Three calculators for the Linux desktop

13 Gen/10

To many, geek = math && nerd = math. To others school = math && math = calculator. During my stint as a computer science major, the very idea of differential had me running scared back to my calculator. It was a must, and for many a symbol of intellect and power.

All of this to say that we all need a good calculator now and then. But instead of running out to the local box store and purchasing a new piece of hardware, why not just add that perfect calculator on your Linux machine? There are plenty to choose from. But do any of them match up to what is offered by the likes of the Texas Instruments line of calcs? In this article I am going to highlight three calculators for the Linux operating system. By the end, you should have a good idea if one of them will fill your needs.

I want to preface this by saying all three of these calcs can be found in your basic software repositories. So installing any one of these pieces of software is just a matter of searching for them in your package management front end (such as Synaptic) or just issuing the command line equivalent for installation. Now, let’s take a look at the tools.


Figure 1

Extcalc is probably the most powerful of the calculators you will see here. Extcalc does graphing (2D and 3D), matrices, vectors, statistics, base-n, logic, scientific functions, and more. Oh, and Extcalc is also a standard calculator.

What I like most about Extcalc is the tabbed interface for each function of the tool. Figure 1 shows Excalc open on the Graphics function.

Another feature real math geeks will appreciate is the scripting console that includes plenty of built-in commands (for and while loops, if expressions, arrays, breaks, and much more).

Extcalc is really a power-users dream. Standard math need not apply.

Genius Mathematics Tool

Figure 2

If you are familar with MatLab, you will appreciate Genius Mathematics Tool. Not that the developers claim GMT will ever be a replacement for MatLab, but it is a great supplemental tool. GMT is perfect as both a calculator and a research tool. Of course, unlike many calculators, Genius Mathematics Tool might throw average users for a loop. Why? GMT uses a console for input (see Figure 2).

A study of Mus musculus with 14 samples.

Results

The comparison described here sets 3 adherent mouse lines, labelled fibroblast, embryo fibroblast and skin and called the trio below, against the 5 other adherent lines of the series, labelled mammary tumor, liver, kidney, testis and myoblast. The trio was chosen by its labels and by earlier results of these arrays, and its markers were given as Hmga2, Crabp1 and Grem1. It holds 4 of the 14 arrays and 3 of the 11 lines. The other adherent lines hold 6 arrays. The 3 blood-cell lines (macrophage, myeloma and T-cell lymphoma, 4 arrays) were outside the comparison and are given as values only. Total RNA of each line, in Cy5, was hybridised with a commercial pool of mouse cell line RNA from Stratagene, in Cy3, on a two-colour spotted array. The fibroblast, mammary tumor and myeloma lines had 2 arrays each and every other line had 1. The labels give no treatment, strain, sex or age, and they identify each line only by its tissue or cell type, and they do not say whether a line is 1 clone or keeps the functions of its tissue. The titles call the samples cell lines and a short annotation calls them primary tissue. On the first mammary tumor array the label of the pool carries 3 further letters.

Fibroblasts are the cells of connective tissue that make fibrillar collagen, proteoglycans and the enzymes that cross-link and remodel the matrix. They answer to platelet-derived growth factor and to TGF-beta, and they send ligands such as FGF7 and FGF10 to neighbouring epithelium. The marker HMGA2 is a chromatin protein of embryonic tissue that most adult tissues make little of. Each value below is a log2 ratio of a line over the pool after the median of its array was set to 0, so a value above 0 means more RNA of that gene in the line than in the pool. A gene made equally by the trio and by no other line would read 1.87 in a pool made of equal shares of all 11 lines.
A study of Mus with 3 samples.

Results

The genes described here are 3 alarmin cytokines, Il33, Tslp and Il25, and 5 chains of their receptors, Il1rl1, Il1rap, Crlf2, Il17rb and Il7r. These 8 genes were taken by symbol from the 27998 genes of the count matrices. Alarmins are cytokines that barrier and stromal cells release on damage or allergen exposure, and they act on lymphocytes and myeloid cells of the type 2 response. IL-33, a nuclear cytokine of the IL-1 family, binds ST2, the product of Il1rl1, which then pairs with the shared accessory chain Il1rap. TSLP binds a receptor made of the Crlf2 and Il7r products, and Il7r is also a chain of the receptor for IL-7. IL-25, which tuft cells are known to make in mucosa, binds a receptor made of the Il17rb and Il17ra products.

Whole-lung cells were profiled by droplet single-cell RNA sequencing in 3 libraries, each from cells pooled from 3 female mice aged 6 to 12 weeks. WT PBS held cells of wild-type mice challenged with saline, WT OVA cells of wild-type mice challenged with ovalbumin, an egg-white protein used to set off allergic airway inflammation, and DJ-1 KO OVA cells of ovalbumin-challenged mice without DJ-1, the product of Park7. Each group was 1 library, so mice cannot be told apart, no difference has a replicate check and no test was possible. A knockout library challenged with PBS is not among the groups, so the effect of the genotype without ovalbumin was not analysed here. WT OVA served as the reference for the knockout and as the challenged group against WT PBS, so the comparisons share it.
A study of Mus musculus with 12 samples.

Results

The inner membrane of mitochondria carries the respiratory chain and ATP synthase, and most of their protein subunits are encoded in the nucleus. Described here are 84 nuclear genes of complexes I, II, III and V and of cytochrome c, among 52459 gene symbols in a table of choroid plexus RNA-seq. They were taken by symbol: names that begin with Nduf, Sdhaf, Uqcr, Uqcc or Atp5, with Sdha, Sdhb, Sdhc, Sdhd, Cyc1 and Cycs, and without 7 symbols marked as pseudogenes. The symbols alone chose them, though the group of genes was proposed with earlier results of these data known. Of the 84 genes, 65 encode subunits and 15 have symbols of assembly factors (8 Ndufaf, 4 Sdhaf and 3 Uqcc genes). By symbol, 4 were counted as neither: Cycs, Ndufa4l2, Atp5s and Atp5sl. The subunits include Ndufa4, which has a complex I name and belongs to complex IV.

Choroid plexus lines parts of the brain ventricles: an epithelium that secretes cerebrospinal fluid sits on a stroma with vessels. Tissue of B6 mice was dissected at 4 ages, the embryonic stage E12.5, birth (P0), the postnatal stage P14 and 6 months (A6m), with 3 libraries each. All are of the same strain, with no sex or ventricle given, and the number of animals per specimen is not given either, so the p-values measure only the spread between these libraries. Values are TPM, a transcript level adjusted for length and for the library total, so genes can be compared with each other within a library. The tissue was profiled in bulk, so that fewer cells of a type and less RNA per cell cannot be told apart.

GMT features:

  • Statistics.
  • Combinatorics.
  • Common elementary and trig functions.
  • Numeric equation solving.
  • Slopfield/Vectorfield plotting.
  • Matrix calculations.
  • Number theory.
  • Complex and rational numbers.

and much more.


Figure 3

The Kcalc tool is more like your standard calculator, with a few extras. Kcalc offers a more standard interface (see Figure 3) so a more diverse crowd will be able to easily make use of this calculator.

Kcalc offers the following features:

  • Trigonometric functions, and logic operations.
  • Cut and paste from and to.
  • Results-stack so you can recall previous results.
  • Configurable UI.
  • Key binding support.

Although Kcalc is not nearly as powerful as the other two tools, it will handle most all standard calculator needs (and then some). But if you’re needing graphing or research-like functions and features, you might want to look at one of the two above.

Final thoughts

The search for a good mathematics tool doesn’t have to end at the Windows. Linux is filled with plenty of feature-rich tools sure to please the math geek in all of us. Have you found a good calculator on Linux not listed above? If so, share it with your fellow Ghacks readers.